Chucks.

Bailey - Hudson, Florida
Entered on February 17, 2009
Age Group: Under 18

A few days ago I was driving along “the scenic route” to get home—windows up, tuned out to everything but the sound of some new Kelly Clarkson on the radio—when I saw a pair of shoes on a telephone wire. Normal enough, until I noticed the seven other pairs on the same wire, all different colors, different styles, yet all marked with the little star on the side that tells the world “I am Converse.” Well, the third pair down, black hi-tops with flames down the side, was more “I am Converse, hear me roar!” while the sixth pair, the pastel bubble-design, was more “I’m Converse, nice to meet you.” Nevertheless, they were all Converse.

Converse is remarkable because it’s not gender specific like the high-heel, location-specific like the flip-flop, or personality-specific like a tennis shoe. From my home-and-garden television mom (pink-and-white striped low tops) to my tattooed, drummer-in-a-rock-band uncle (black hi-tops with white skulls), Converse is worn by people from all walks of life (pun intended). What better than a Converse sneaker to show a rare unity and acceptance that runs the gamut of the population? If only everyone could lace up someone else’s “chucks” for a day, feel someone else’s life through their soles, and be able to see that there are plenty of ways to wear a pair of Converse, just like there are countless opinions on life, religion, and ethics.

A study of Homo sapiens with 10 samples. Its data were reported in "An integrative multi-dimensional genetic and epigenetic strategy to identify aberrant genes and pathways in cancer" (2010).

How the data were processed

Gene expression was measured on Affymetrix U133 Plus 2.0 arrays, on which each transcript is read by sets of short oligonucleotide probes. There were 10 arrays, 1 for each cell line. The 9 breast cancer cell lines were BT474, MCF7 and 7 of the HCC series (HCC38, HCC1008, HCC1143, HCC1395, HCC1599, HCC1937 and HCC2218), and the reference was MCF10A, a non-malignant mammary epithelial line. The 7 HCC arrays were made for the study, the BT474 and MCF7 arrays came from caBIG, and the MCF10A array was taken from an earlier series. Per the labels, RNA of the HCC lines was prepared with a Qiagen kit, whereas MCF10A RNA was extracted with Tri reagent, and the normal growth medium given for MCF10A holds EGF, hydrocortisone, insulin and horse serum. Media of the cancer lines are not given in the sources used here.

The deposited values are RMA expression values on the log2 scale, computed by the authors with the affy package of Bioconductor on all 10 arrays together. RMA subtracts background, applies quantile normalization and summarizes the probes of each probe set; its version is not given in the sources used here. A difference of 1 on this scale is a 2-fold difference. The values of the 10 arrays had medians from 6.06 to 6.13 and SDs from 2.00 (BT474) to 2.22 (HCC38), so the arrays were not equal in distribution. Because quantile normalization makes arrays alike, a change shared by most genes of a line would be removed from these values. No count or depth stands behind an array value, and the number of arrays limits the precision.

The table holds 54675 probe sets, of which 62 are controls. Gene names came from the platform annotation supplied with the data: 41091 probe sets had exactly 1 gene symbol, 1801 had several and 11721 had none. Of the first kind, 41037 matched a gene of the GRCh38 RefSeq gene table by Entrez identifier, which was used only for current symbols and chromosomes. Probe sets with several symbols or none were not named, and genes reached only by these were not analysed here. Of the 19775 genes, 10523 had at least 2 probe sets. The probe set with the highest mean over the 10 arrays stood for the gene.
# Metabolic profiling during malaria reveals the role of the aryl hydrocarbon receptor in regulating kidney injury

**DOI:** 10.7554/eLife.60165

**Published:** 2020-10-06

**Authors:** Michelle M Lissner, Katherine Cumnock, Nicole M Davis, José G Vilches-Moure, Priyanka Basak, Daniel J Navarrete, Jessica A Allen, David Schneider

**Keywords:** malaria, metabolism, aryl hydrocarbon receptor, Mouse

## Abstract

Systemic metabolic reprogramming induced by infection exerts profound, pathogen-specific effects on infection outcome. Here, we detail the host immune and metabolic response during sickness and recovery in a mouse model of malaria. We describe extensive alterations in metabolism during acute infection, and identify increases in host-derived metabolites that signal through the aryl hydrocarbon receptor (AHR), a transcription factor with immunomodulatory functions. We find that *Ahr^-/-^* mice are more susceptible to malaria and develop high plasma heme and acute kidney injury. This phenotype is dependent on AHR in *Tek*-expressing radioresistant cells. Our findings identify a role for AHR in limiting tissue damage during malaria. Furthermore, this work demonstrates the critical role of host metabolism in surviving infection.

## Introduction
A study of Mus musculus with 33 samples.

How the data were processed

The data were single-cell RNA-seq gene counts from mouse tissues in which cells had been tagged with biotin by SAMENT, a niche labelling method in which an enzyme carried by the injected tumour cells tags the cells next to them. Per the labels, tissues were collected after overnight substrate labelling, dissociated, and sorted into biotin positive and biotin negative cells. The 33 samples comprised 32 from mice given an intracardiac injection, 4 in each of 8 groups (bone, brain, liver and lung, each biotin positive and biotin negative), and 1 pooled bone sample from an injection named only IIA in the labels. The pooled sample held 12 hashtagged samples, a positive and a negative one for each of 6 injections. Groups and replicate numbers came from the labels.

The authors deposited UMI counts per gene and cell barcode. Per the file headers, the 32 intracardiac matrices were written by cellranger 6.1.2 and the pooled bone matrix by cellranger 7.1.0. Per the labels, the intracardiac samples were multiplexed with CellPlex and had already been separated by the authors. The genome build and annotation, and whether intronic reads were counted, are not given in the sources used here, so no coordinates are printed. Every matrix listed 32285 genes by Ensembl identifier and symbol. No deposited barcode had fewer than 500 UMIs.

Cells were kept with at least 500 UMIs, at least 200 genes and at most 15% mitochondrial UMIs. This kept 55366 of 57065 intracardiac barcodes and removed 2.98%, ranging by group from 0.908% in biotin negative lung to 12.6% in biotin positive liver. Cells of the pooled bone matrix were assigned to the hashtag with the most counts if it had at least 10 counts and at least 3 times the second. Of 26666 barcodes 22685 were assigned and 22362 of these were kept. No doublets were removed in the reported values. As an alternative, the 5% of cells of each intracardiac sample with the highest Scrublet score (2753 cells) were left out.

I love to see connections made between people simply because one spots the iconic star on the side on the other’s shoe. I could almost imagine pair number four on that telephone wire, an original pair of red basketball chucks, on a six-foot tall man, bending over to hear a secret whispered from a little girl on the tiptoes of her sky-blue low-tops (number two). Converse doesn’t just represent diversity, but also the creativity and open-mindedness that go along with embracing diversity. Moreover, any wearer of Converse knows that “Thou shalt not insult thy neighbor’s converse.” Even if the “gothic” teenager in super-high dark purple converse (number five on the wire) doesn’t quite understand the taste of the “preppy” teenager in light pink low-tops with lavender stars (number one), there is still a brotherhood (or sisterhood) associated with wearing chucks. Besides, whether you wear your pair with a cute summer dress or a leather jacket with rhinestones, it’s up to you how you portray your Converse, your style, and you.

I believe in the unity, creativity, and open-mindedness that we often forget when encountering someone who does something in a way that we’re simply not used to. Converse is not just a shoe, it’s an icon. It ties even the most disparate people into a cultural knot, while also allowing for personal expression. As for me? I wear something like pair number 7 on the wire: a pair of plain navy blue low-tops with a little smiley face penciled in on the white of the toe.